In a brief ceremony Wednesday in an isolated town in northern Japan, a San Fernando Valley man returned a 50-year-old diary, which his uncle treasured as a war souvenir, to the family of the Japanese sailor who wrote it.
Mark Elsbernd, 38, a Woodland Hills manufacturing engineer for a Japanese-owned company, presented the diary to Hiroshi Nemoto, a 70-year-old nephew of Kazumi Nemoto, who died in the Philippines during World War II.
Since 1945, the leather-bound volume had been tucked away by Elsbernd's uncle, Albert Elsbernd of Cincinnati, until the elder Elsbernd decided that it should be returned to its rightful owners.
"It was an emotional day," Mark Elsbernd said, following a three-hour meeting that included a tour of the village of Samekawa, about 200 miles north of Tokyo, and of the village's war memorial to its dead sons.
"I couldn't believe the warm feelings I got from the family. And I thought to myself 'It's over. The diary is finally back in the place it belongs.' This world really is a pretty small place."
The diary was found in a desk in a shellfire-pocked building in the Philippines in 1945 and brought back by a U.S. soldier who gave it as a war memento to his girlfriend's little brother--Albert Elsbernd, then 14.
Now 64 and retired from the Cincinnati Police Department, Albert Elsbernd recently decided that the diary, which he never managed to translate, should be returned to the author or his family. For help he contacted his nephew Mark, an engineer for Dataproducts Corp., owned by the Hitachi corporation of Japan.
Mark Elsbernd contacted company executives in Japan, who took a special interest in the project and launched a search for members of Nemoto's family who could claim the diary.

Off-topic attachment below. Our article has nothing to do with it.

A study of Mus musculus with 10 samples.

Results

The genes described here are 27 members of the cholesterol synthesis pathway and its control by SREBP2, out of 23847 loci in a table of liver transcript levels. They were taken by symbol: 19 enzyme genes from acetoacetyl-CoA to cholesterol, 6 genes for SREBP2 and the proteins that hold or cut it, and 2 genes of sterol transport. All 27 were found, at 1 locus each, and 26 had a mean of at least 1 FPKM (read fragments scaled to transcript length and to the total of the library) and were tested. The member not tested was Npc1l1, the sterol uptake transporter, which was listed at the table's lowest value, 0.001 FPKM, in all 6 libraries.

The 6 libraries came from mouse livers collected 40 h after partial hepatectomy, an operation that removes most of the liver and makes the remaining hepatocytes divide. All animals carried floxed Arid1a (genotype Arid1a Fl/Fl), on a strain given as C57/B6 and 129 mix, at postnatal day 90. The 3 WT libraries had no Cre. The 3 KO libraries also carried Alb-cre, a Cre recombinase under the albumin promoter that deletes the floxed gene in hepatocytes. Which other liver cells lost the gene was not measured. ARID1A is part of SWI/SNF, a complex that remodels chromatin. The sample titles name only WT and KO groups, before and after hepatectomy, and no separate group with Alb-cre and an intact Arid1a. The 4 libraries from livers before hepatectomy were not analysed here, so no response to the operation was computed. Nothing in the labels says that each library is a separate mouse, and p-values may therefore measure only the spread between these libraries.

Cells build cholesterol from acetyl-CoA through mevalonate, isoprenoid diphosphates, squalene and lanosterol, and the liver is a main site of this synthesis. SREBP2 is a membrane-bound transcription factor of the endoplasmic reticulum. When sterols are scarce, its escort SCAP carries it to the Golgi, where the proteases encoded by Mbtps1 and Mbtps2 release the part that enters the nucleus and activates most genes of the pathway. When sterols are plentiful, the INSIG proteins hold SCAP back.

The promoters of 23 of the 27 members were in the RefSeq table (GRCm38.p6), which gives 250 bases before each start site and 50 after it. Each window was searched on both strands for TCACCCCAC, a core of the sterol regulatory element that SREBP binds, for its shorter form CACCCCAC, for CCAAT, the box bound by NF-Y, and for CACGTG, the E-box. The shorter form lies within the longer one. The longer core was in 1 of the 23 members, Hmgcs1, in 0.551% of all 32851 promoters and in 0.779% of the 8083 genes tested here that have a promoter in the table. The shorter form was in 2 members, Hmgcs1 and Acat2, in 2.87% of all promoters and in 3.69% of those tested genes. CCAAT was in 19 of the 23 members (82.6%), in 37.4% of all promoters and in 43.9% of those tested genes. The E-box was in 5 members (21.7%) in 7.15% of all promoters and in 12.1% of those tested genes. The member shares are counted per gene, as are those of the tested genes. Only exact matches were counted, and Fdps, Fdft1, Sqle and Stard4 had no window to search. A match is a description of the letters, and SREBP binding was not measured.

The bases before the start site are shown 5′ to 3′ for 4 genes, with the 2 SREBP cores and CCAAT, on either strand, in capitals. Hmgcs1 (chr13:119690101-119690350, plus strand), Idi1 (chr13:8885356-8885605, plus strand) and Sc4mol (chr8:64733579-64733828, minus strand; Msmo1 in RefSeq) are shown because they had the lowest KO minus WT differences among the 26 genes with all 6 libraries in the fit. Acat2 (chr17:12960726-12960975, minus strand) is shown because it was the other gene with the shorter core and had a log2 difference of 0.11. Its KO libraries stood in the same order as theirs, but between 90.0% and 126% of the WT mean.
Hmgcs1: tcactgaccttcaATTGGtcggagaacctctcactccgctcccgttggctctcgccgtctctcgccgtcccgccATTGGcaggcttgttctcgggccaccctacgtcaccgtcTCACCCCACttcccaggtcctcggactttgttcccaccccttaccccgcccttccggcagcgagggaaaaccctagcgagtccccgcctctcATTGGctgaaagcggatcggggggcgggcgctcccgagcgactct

Kazumi Nemoto, a Japanese naval aircraft technician who would have been 70 this year, kept the diary for several months in 1945--logging not only personal data, but precise accounts of military movements and various aircraft records. The diary also included passages describing a malarial outbreak that killed many Japanese troops--perhaps killing Nemoto as well.
Its final entry was not long before Nemoto's death on April 24, 1945, at the age of 21, according to Japanese military records.
The search for Nemoto's family was taken up by a high-ranking Hitachi executive, Hiroshi Gonmori, now 70--who as luck would have it also served in naval aviation in the Philippines. Gonmori initiated a search of military records and contacted the Japanese press.
Nemoto's nephew Hiroshi saw a Nov. 10 story in a Japanese newspaper and called the paper to identify himself.
Nemoto, the youngest of seven children, is a municipal official in Samekawa who had long given up hope of collecting any more mementos of his dead uncle.
Mark Elsbernd agreed to return the diary on his next business trip to Japan.
Elsbernd said he could feel his heart beating Wednesday when he finally came face-to-face with Nemoto.
"He bowed to me, and I bowed back," he said. "Then we shook hands. I smiled. He smiled. Then I gave him the book. I told him. 'Sir, this diary belongs with you, not us.' "
Nemoto then offered a tour of the village, including the burial ground that includes a monument to the Japanese soldiers from Samekawa.
"After the day was over," Elsbernd recalled, "I felt like I knew the man."
Added Katsuhide Kato, a Hitachi executive present at the ceremony: "This day is part of the history of World War II. A final chapter. Many people died in that war. But this was a happy day."